Italian classic “not a big priority” says 2009 winner
A brace of early-season sprint victories is normally enough to nudge a rider towards the top of the list of favourites for Milan-San Remo but Mark Cavendish (Omega Pharma-QuickStep) moved to downplay his chances of triumphing at La Classicissima for the second time when he spoke to reporters at the Tour of Qatar on Tuesday.
During pre-season training in Calpe, Cavendish had already made known his belief that the pace on the climb of Le Manie severely limits his chances of repeating his 2009 victory in Milan-San Remo, and he reiterated those thoughts after sprinting to victory on stage 3 of the Tour of Qatar.
“I’m not looking forward to Milan-San Remo. I’ve written it off for the last month, it’s not really a race for me anymore,” Cavendish said. “It’s not a big priority for me anymore. I’ll race it but it’s not a big objective at the beginning of the year, it’s too difficult.”
Of course, it’s worth noting that Cavendish made similar protestations ahead of his debut in 2009, citing his inexperience over the distance, before popping up with the win on the Lungomare Italo Calvino.
However, on Tuesday Cavendish expressed his wish simply to win consistently between now and the Tour de France, and “to be successful there.” Perhaps after building his last two seasons around very specific objectives with the British national team – the 2011 world championships in Copenhagen and the London 2012 Olympics – Cavendish is keen to enjoy his victories as they come rather than as a means to some far-off end. In any case, he declared himself pleased with his condition after descending from the podium in Mesaieed.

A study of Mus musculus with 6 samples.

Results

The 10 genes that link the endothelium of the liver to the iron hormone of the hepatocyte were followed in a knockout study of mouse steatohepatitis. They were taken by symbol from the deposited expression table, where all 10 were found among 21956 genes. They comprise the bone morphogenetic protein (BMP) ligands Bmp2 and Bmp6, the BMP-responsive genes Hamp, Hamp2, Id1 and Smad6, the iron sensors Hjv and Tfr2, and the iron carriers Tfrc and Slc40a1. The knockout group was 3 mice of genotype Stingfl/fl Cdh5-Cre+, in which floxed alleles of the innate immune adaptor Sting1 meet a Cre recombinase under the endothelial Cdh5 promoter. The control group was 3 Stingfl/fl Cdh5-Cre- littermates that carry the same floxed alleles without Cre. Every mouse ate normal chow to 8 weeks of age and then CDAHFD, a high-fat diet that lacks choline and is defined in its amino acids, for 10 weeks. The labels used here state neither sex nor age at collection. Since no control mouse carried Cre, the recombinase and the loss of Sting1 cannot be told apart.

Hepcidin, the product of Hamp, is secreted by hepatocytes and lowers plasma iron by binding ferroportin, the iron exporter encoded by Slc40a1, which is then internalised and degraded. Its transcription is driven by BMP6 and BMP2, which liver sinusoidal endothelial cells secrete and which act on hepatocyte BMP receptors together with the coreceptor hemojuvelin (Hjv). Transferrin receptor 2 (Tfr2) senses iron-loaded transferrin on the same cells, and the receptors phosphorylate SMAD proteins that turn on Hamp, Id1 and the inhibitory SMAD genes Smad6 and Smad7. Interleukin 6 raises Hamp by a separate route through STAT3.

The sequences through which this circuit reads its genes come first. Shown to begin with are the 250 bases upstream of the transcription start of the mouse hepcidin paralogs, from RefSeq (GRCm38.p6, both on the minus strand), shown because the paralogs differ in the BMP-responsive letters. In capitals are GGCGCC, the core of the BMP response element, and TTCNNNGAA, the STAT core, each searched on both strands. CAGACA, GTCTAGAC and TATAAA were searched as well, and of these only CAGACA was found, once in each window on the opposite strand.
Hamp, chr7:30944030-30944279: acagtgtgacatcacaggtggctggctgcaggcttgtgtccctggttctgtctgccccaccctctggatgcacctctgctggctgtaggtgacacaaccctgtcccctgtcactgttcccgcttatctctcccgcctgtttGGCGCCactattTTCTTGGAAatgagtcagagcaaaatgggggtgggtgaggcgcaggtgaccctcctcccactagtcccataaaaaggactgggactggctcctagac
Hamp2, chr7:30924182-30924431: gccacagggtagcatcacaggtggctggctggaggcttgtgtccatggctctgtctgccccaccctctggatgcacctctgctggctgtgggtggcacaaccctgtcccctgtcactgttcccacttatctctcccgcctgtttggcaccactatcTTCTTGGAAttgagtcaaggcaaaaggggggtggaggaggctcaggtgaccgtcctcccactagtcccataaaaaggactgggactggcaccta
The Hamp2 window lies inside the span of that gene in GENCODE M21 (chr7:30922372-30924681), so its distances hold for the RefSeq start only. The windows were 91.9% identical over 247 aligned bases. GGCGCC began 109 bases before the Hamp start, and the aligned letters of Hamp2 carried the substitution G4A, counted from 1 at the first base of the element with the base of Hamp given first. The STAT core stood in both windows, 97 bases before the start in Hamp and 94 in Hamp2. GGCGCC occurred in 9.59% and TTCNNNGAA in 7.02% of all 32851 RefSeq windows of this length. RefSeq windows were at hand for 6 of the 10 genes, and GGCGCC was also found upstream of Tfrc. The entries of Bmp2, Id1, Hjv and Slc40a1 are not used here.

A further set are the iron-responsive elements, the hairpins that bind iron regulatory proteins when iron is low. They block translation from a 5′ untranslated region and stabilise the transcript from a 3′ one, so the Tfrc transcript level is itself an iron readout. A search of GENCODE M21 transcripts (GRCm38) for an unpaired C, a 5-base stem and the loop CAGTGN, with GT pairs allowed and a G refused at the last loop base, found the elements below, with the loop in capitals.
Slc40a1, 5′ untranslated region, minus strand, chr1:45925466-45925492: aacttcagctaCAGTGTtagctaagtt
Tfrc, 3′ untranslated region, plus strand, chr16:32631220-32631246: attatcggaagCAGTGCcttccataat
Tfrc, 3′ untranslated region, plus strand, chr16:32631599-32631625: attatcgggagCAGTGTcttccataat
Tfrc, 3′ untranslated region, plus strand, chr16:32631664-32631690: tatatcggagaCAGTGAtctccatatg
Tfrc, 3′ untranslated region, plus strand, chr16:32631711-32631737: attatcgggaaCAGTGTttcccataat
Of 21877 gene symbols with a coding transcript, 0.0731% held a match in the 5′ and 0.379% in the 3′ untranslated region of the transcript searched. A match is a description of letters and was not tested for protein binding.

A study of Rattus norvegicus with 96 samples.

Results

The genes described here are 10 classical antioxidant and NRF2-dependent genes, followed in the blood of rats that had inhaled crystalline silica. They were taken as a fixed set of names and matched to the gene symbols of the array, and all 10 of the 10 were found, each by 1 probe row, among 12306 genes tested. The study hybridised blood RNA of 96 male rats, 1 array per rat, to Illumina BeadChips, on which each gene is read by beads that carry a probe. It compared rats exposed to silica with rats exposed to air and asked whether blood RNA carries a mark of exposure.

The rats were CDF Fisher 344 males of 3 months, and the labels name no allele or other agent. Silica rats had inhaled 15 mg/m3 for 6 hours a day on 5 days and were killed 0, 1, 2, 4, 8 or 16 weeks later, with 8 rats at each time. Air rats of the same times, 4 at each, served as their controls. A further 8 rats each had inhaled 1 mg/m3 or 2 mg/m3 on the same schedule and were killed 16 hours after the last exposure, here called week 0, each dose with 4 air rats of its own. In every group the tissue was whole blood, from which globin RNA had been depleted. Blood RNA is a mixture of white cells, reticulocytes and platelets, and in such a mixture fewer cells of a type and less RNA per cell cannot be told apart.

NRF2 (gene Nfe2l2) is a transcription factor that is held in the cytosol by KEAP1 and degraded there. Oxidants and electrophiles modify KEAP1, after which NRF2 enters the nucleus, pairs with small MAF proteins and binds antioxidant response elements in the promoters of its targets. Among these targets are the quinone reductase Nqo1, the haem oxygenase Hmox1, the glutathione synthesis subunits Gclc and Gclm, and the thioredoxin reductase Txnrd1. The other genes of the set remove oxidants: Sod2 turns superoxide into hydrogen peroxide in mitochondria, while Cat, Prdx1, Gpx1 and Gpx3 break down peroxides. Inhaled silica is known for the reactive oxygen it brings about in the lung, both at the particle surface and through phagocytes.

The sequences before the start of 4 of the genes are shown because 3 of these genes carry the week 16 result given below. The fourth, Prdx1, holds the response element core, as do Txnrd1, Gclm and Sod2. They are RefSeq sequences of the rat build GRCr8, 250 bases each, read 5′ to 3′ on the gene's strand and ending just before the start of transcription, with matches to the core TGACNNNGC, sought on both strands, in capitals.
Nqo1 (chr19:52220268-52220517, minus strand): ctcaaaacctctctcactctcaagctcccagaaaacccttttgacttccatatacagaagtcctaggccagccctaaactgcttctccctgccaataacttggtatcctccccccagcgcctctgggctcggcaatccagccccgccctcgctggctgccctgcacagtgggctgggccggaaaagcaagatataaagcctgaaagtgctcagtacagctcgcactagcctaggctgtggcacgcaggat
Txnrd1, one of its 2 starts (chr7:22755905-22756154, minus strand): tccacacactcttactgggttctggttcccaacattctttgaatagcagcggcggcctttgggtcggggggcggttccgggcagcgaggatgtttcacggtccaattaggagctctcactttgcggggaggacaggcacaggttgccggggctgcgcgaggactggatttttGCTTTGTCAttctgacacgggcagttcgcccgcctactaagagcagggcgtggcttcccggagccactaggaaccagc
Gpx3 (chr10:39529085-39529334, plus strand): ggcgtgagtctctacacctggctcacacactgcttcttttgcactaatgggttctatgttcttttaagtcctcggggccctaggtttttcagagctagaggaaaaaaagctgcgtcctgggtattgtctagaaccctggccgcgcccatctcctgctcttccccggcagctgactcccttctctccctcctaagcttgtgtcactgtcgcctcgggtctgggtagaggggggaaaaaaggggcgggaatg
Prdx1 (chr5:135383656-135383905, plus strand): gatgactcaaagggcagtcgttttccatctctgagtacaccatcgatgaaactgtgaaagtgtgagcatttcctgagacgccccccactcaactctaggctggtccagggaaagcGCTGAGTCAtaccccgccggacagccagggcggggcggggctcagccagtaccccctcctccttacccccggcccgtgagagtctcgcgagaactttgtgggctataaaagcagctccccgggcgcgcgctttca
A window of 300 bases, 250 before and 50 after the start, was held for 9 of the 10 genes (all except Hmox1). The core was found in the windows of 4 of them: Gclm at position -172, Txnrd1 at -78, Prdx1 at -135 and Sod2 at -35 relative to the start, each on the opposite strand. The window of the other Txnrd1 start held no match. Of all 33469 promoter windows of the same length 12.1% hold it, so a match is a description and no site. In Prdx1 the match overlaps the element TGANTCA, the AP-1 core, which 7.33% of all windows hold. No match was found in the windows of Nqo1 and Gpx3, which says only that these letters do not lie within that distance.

“I’m incredibly light, even lighter than I was this time last year,” Cavendish said. “I don’t know how that will be form-wise, I don’t know how strong I am. I’m definitely not putting out the same peak watts as I was last year but that’s ok because I’m still winning bike races and I’m really happy with that.”
On reaching his team car after crossing the line, Cavendish was given hearty embraces by both Omega Pharma-QuickStep manager Patrick Lefevere and directeur sportif Wilfried Peeters, and he was mindful to highlight the efforts of Niki Terpstra in guiding him through the peloton in the closing stages.
“I’m really happy with Omega Pharma-QuickStep. They put a lot of faith in signing me so I want to consistently prove my worth to them,” he said. “I just want to continue to try and win through the year up to the Tour and then hopefully have a very successful Tour de France once again.”
Before that, Cavendish is in line for the second stage race victory of his career after last year’s Ster ZLM Toer, although he was non-committal about his chances of winning the Tour of Qatar. Just 8 seconds off the lead, and with a 10-second bonus of offer for stage victory, golden jersey Brent Bookwalter (BMC) has earmarked Cavendish as the favourite.
“I haven’t come here saying I want to win GC,” Cavendish said. “I’m a different rider to what Tom [Boonen] is. He knows he’s going to be in the front echelon every time. He uses his strength. He can get in a group of three whereas I really can’t. It’s always a possibility but it will only come from trying to take every stage as it comes.”